Not all birth defects can be prevented, but SOME CAN. Here’s how:
- Women can take steps toward a healthy pregnancy. Taking 400 micrograms of folic acid during childbearing years can help to reduce the risk for birth defects of the brain and spine called neural tube defects (NTDs).
- Pregnant or trying to conceive? Here are steps you can take to help prevent birth defects and have a healthy pregnancy.
- Avoid alcohol, cigarettes and “street” drugs during pregnancy. Talk to your provider before you start or stop taking any type of medications.
- Prevent infections during pregnancy – wash your hands often and well. Don’t clean the kitty litter box or keep turtles in your home.
- Stay safe from Zika. Pregnant women should avoid travel to Zika affected areas.
- Make sure your vaccinations are up to date.
- Be careful to prevent foodborne illnesses with these food prep tips.
- Get chronic medical conditions under control before pregnancy. Diabetes and obesity may increase the risk for birth defects.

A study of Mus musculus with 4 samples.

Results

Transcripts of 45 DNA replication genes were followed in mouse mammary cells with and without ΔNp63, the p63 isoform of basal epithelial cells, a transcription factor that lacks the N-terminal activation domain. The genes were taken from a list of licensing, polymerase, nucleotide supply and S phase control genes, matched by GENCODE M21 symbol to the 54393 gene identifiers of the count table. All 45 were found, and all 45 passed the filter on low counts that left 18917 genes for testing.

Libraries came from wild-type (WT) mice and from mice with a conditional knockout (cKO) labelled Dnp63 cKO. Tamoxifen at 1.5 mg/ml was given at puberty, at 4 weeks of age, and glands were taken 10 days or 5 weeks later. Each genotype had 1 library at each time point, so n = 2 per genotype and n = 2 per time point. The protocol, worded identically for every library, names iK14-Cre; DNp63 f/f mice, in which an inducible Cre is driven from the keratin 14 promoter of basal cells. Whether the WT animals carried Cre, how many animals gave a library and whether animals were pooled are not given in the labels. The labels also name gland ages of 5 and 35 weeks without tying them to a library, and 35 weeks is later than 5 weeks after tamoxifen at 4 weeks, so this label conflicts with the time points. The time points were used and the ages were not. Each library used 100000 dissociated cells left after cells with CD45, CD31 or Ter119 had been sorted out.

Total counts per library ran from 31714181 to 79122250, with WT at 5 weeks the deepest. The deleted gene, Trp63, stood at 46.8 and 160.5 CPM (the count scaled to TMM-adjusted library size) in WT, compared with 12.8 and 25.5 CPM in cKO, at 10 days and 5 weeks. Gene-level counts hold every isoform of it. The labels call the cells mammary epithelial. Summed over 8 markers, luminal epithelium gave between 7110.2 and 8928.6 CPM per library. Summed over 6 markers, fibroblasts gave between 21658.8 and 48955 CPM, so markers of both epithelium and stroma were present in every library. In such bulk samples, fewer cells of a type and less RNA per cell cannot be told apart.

- Collect your family health history and share it with your healthcare provider.
Birth defects are more common than you’d think.
- Did you know that every 4.5 minutes, a baby is born with a birth defect in the U.S.? That’s 1 in 33 babies or more than 120,000 babies each year.
- Birth defects are health conditions that are present at birth. They may affect how the body looks, works, or both.
- Common birth defects include heart defects, cleft lip and cleft palate, Down syndrome and spina bifida. Some birth defects are on the rise for unknown reasons – like gastroschisis.
- Birth defects are the leading cause of infant deaths in the first year of life in the U.S.
- Birth defects are the leading cause of death and disability in children across the world.
There are thousands of different birth defects, and about 70 % of the causes are unknown.
- Birth defects are thought to be caused by a complex mix of factors including our genes, behaviors and environment.
- Many birth defects are discovered after the baby leaves the hospital or within the first year of life.
- Babies who survive and live with birth defects are at an increased risk for long-term disabilities and lifelong challenges.